Feeling hot? Here's how to know you're about to have a heat stroke

The current heat wave in Nigeria increases the risk of heatstroke.

The heat wave in Nigeria can cause heat stroke [BusinessPost]

Heat stroke is a serious condition that can sneak up on you if you're not careful, especially during those blazing hot afternoons.

Thankfully, we've got the lowdown on how to spot the warning signs of heatstroke so you can stay cool and safe under the sun.

First off, heat stroke is the most severe form of heat injury and is considered a medical emergency. It happens when your body overheats and can't cool down, typically as a result of prolonged exposure to high temperatures or physical exertion in hot conditions.


It's like your body's cooling system has gone on strike, and suddenly, you're overheating without a way to regulate your temperature.

Knowing the early warning signs of heat stroke could be a lifesaver, literally. Here's what to watch out for:

1. High body temperature: The most telling sign of heat stroke is a core body temperature above 40°C (104°F). If you or someone else feels unusually hot with no sweat, it's a red flag.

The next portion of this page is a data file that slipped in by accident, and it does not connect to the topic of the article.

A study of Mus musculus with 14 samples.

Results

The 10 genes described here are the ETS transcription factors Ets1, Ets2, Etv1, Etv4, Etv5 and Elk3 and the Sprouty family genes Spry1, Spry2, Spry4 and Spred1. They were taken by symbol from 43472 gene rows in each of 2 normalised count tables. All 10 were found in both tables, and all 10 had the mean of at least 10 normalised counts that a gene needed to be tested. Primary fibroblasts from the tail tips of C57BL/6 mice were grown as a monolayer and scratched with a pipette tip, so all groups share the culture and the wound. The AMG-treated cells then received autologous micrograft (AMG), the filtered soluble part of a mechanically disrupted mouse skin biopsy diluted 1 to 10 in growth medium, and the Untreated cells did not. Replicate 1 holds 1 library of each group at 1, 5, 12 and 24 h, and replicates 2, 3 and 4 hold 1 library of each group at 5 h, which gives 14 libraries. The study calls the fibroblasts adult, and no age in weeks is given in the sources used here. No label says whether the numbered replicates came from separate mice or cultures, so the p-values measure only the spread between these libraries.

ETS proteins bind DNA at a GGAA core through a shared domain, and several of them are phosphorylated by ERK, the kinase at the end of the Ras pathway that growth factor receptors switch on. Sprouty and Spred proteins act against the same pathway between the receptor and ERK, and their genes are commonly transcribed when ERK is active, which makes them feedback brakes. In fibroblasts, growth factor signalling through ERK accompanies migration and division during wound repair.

2. Altered mental state or behaviour: Confusion, agitation, slurred speech, irritability, delirium, seizures, and even coma can all indicate heat stroke. It's like the heat is messing with your head, causing you to feel and act differently than usual.


3. Nausea and vomiting: Feeling sick to your stomach or throwing up can be a sign that your body is struggling with the heat.

4. Flushed skin: If you’re light-skinned, your skin may turn red as your body temperature climbs. It's a visual cue that you're overheating.

5. Rapid breathing: Short, shallow breaths or a fast, strong heartbeat are signs that your body is trying to cool down but is having a tough time.

6. Headache: A throbbing headache is a common symptom of heat stroke, adding to the discomfort of overheating.


If you or someone else exhibits signs of heat stroke, act fast. Move to a cooler place immediately, remove excess clothing, and cool down with whatever means available — think fans, cold packs, or a cool bath.

Drinking water is important if the person is conscious and can swallow, but avoid caffeine and alcohol as they can worsen dehydration. And most importantly, call for medical help right away. Heat stroke is not something to take lightly or treat solely at home.

The best way to deal with heat stroke is to avoid it altogether. Stay hydrated, wear loose and light clothing, and avoid strenuous activity during the hottest parts of the day.

This content was created with the help of an AI model and verified by the writer.